Wednesday, February 27, 2013


Tam sent this article about gluten intolerance, etc., on Slate.

As she pointed out, the fact that 1% of people can experience life-threatening damage from gluten is a big deal.

The article states that 30% of people in a clinical trial who thought they were gluten intolerant "felt better with gluten-free diets," but I think it's important to note that the researchers were not studying gluten intolerance but wheat intolerance.  (Wheat contains gluten, but it also contains other things to which people might be sensitive, so wheat intolerance is broader than gluten intolerance.)  After going on an elimination diet (eliminating wheat, cow's milk, eggs, tomatoes, and chocolate), participants were given capsules containing either wheat or a placebo (xylose) and reported their symptoms. 30% of patients reported being asymptomatic (less than 10 in a 100-point symptom scale) on the elimination diet but reported symptoms (more than 30 on the scale) when the wheat was reintroduced.

One thing I wonder about that is relevant to the elimination/reintroduction paradigm they used (i.e., "double-blind placebo-controlled challenge") is whether wheat (or gluten) sensitivity follows a dose-response pattern - in other words, do some people tolerate a small amount of wheat (like found in a capsule) just fine, but start to suffer as their intake of wheat increases?  It seems to me that I can handle a little bit of wheat OK but that my body is unhappy with larger quantities.  (I've never figured out quite where my personal cut off point is, and it's complicated by the fact that for me there appear to be interaction effects between wheat consumption and other stuff going on in my body, such that sometimes eating wheat doesn't seem to give me symptoms, but in combination with other factors, wheat makes me feel pretty bad.  Due to not knowing how much is too much, and that in many ways it is easier to eliminate than moderate my consumption, I have often gone off wheat completely to manage my symptoms.  Right now I'm off wheat, and other high lectin foods, entirely.)

Aha:  I accessed the supplemental information through my university library and it states:  "Wheat challenge was performed administering a daily dose of 13 g of flour, equal to about 20 g of bread."  If I am understanding this correctly, people in the "wheat" group were only eating the equivalent of 20 g of bread, which is less than 1 slice (I see numbers for slices of wheat bread like 28 g for a 69 calorie slice, 42.5 g for a 100 calorie slice).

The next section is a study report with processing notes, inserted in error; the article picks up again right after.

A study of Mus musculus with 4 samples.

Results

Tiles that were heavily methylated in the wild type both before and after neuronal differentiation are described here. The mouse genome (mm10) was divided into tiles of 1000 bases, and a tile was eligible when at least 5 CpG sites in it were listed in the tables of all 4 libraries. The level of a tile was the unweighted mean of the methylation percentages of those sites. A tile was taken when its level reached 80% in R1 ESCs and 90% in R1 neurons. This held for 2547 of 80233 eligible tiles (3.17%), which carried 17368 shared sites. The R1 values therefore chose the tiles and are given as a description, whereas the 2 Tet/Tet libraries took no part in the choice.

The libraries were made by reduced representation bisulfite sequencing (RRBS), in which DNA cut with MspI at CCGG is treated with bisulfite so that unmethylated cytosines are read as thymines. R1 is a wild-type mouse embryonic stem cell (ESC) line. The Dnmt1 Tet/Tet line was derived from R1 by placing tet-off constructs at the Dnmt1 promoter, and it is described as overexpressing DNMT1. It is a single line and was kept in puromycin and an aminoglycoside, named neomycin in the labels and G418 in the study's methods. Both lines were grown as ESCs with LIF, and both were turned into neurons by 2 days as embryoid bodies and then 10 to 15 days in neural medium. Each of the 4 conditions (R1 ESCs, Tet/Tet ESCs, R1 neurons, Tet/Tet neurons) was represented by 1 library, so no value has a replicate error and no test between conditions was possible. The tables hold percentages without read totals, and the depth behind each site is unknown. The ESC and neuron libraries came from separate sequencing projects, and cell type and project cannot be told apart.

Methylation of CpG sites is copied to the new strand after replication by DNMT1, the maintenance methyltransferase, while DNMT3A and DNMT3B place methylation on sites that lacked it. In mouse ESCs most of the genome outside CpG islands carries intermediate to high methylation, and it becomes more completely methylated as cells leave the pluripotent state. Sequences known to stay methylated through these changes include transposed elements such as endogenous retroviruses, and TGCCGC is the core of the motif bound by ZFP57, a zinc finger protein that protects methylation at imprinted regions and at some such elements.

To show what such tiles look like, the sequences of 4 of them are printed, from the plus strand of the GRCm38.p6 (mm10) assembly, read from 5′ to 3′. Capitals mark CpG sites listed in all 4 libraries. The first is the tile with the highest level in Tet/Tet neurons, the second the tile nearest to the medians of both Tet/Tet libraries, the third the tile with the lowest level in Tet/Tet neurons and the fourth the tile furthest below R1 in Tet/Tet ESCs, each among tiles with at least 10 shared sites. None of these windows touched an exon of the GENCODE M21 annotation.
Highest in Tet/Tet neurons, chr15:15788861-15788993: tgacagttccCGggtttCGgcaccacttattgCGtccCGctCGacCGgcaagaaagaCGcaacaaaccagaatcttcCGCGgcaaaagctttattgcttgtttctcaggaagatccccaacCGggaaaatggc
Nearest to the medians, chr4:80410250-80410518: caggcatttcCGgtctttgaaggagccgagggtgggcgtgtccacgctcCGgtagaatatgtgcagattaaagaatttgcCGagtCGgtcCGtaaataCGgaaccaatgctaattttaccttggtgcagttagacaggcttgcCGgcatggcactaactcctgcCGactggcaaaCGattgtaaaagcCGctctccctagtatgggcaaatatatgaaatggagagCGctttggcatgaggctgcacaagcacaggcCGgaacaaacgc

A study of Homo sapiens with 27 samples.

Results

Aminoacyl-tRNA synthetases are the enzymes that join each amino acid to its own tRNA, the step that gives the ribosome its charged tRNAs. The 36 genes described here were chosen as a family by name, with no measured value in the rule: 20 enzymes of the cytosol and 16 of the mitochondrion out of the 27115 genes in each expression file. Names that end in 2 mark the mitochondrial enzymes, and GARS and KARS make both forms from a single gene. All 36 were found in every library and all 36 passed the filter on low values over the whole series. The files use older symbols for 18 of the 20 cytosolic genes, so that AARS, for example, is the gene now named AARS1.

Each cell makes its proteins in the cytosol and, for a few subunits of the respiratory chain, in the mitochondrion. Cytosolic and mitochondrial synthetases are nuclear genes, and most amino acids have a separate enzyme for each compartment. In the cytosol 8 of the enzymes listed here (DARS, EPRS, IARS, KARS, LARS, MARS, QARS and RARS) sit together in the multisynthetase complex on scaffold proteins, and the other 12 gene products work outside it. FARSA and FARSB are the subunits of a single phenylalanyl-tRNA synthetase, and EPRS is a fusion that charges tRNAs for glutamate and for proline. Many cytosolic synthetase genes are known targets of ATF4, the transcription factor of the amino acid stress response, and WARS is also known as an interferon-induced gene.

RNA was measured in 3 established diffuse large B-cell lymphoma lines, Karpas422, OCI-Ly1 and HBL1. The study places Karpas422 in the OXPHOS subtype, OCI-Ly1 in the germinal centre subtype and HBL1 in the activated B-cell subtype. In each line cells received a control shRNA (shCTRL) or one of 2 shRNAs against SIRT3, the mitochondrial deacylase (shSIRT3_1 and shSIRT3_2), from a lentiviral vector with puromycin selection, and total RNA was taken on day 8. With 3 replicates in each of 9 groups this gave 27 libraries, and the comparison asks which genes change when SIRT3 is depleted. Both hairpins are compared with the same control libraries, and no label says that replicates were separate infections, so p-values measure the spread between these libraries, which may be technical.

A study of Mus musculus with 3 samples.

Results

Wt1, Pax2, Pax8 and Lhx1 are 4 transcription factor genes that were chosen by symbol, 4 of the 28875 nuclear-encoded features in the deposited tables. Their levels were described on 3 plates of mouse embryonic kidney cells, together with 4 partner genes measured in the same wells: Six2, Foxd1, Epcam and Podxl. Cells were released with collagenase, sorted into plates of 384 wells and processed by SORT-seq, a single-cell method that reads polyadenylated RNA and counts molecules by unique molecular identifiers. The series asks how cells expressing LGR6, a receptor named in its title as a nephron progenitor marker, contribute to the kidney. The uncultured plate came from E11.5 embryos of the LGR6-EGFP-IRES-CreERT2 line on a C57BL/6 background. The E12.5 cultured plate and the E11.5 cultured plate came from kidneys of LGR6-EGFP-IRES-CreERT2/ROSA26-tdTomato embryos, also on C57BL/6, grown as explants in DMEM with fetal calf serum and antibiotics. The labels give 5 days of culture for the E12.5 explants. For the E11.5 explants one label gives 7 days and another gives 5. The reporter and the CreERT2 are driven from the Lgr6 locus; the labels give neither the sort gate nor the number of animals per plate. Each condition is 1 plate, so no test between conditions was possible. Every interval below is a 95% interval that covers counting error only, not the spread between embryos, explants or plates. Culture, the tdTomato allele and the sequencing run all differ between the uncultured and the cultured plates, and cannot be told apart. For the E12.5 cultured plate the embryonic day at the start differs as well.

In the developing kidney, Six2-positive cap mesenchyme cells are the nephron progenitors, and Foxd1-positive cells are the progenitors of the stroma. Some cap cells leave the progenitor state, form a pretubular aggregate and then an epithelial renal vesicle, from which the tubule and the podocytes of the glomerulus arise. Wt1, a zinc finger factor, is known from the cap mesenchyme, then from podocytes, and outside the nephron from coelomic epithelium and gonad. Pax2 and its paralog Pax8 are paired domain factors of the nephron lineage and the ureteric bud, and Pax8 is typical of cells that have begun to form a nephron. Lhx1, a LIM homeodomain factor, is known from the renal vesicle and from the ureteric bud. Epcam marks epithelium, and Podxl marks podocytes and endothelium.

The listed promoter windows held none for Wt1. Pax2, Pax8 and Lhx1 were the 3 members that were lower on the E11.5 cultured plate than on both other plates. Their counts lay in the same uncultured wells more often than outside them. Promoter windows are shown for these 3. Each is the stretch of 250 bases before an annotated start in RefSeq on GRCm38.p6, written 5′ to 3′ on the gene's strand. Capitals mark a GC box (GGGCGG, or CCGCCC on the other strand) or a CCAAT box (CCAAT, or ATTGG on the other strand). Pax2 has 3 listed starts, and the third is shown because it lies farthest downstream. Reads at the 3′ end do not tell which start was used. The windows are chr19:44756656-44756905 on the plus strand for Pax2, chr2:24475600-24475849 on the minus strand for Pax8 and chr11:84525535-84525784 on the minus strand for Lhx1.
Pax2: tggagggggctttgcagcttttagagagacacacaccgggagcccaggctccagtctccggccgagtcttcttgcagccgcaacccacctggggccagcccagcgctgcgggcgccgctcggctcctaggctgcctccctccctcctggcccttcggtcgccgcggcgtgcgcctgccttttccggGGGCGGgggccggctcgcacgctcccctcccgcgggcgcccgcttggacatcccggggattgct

At that relatively low level of wheat consumption, I'm not sure that I would have shown a significant increase in negative symptoms from the elimination stage to the reintroduction stage in this study.  I could easily not have shown up in the 30% at the level of wheat used in the experiment, but I think I might meet the wheat intolerance criteria if the level of wheat were higher. 

I thought the comment at the end of the article, "patients convinced they have gluten intolerance might do well to accept that their self-diagnosis may be wrong," was kind of goofy and unclear.  What's the big deal with thinking you have gluten intolerance when you don't?  You might have some other disease that you should be treating instead, but I get the sense that this article's position is more that a lot of people are just delusional rather than truly ill.  Wheat/gluten is not some kind of nutritional superstar that will cause health problems for people who eliminate it from their diet because of an incorrect belief that they are intolerant to it. 


Tam said...

I was totally hoping you'd blog about this :-)

mom said...

I know someone who self-diagnosed gluten intolerance. Since there is no way to actually test for it, the only way to know is whether or not you feel better eliminating gluten/wheat. It doesn't matter if you are incorrect about being intolerant if you feel better and eliminate symptoms that make your life difficult.

Sally said...

Mom, right, a lot of people would be thrilled to find something that WORKS at all to alleviate their symptoms, regardless of what name doctors want to put on it.